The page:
Karlheinz Schreiber, the German-Canadian arms dealer extradited to Germany from Canada on Monday, was denied bail and remanded in custody by a court in the Bavarian city of Augsburg on Tuesday. He faces trial on charges of bribery, tax evasion and fraud in connection with weapons deals and a slush fund scandal that rocked the ruling conservative Christian Democrats of Chancellor Angela Merkel in the 1990s.
His return after 10 years spent fighting extradition is likely to be uncomfortable for the CDU because the scandal which disgraced former Chancellor Helmut Kohl and cost Wolfgang Schäuble, the current Interior Minister, the leadership of the party hasn't been fully cleared up.
But media commentators say it won't have much of an impact on the current election campaign because most of the people involved at the time are no longer politically active and Merkel has revamped the party after cleverly distancing herself from Kohl, her former mentor, in 1999. Besides, Schreiber's trial won't start until after the Sept. 27 election.
Still, the center-left Social Democrats, trailing the conservatives by more than 10 points in opinion polls, aren't unhappy about Schreiber's return. Asked to comment, SPD leader Franz Müntefering replied in his typical down-to-earth fashion: "We don't have to do anything. It stinks elsewhere. We just have to make sure that people realize where the scent is coming from."
Center-left Süddeutsche Zeitung writes:
"The looming trial of Schreiber won't influence the election campaign much. Excavating the dirt of the old CDU won't hurt the CDU of Angela Merkel. The Chancellor can point out that she turned her back on Kohl in 1999 with a spectacular public statement. That has absolved her, it was her biggest coup and she's still benefiting from it to this day. The days when the SPD could benefit strongly from the CDU donations scandal are over."
Business daily Financial Times Deutschland writes:
"Ten years ago Schreiber's appearance on German soil would have triggered a political earthquake, five years ago it would still have been a minor sensation. Today the excitement is limited, even among politicians. No one among the conservatives is happy that Schreiber's extradition during the election campaign of all times has conjured up the ghosts of the donations scandal. And no one in the SPD is unhappy about it. But the trial of Schreiber comes too late. The people who were active in the CDU donations scandal have long since left the political stage, apart from Interior Minister Wolfgang Schäuble."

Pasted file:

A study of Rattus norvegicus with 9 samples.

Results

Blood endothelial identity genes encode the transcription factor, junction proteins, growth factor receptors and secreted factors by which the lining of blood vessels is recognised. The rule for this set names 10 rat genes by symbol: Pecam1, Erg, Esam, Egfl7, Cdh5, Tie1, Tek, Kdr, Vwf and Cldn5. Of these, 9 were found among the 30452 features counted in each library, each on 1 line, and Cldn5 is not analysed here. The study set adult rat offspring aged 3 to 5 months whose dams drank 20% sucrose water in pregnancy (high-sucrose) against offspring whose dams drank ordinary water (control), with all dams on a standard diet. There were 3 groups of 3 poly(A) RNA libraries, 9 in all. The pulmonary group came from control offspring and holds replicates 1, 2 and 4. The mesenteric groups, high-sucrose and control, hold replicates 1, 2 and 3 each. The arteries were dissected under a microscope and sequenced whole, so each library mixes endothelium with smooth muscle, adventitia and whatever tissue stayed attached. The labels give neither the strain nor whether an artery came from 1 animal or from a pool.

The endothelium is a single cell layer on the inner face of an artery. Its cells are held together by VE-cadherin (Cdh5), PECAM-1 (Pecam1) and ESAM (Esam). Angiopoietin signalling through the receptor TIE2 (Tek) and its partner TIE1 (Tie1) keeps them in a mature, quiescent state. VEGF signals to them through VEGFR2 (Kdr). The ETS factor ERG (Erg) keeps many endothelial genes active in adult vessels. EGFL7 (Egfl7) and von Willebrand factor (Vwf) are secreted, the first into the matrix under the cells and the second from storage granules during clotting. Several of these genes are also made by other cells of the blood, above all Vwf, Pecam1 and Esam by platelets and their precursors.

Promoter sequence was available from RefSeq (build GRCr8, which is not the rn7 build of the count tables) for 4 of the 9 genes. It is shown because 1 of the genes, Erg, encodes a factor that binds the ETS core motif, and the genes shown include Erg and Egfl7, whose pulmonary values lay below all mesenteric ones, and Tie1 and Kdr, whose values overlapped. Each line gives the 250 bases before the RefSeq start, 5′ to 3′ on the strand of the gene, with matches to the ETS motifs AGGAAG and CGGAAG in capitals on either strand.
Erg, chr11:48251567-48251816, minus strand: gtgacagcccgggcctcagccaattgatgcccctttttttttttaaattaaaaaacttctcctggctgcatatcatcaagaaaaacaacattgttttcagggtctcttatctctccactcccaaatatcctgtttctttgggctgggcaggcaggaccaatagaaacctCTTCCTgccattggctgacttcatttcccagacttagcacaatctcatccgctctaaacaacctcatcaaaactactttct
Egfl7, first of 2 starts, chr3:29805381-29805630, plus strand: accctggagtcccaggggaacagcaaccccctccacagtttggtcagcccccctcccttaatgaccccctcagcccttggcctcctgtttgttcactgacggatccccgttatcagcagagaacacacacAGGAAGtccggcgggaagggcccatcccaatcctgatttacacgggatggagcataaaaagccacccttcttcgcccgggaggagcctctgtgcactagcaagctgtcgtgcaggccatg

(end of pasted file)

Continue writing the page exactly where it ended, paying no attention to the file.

"Schreiber is unlikely to provide urgently needed insight into what happened. It's totally unclear whether he knew details of the CDU slush funds, whether he'll give testimony on that and whether his statements can be trusted. Schreiber is known to crave attention and he's an unreliable witness. Only the CDU itself could make a fresh attempt to uncover what happened. Under Merkel's leadership it has transformed and modernized itself and has forcefully distanced itself from parts of its past. The party would now be ready to to cope with examining the dark chapters of its recent history."
Left-leaning Berliner Zeitung writes:
"The Schreiber case won't decide the election but it's still uncomfortable for the conservatives. They're planning ceremonies to mark the 20th anniversary of the fall of the Berlin Wall and Helmut Kohl, who has recently recovered from illness, is to play a big part in those ceremonies. It's problematic if his role as the great Chancellor of Unification gets pushed into the background as everyone gets reminded of his role as secret donations collector and lawbreaker."
"It would be good if we now at last get a proper trial that clarifies what happened and that isn't obscured by deals. One would love to know why he made a donation of 100,000 deutsche marks and had it passed on to Wolfgang Schäuble, the head of the CDU/CSU parliamentary group at the time and current interior minister.
Center-right Frankfurter Allgemeine Zeitung writes:
"Over his years in exile in Canada, Schreiber liked to think he had a key role. It speaks volumes that he even thinks the Social Democrats won three elections because of his case. His trial will nevertheless bring new accusations to light and it remains interesting -- because it's about political lobbyism and the limits to it. But it's not an election campaign bomb that will trigger a new quake."
Center-left Frankfurter Rundschau writes:
"Apart from Schäuble, no protagonist remains active, and the interior minister paid a politically high price for the scandal surrounding a 100,000 deutsche mark donation -- even his opponents will concede that. His contamination even robbed him of the opportunity to become German president. It's unlikely that Schreiber will rock the nation -- or even the conservatives -- after his enforced return."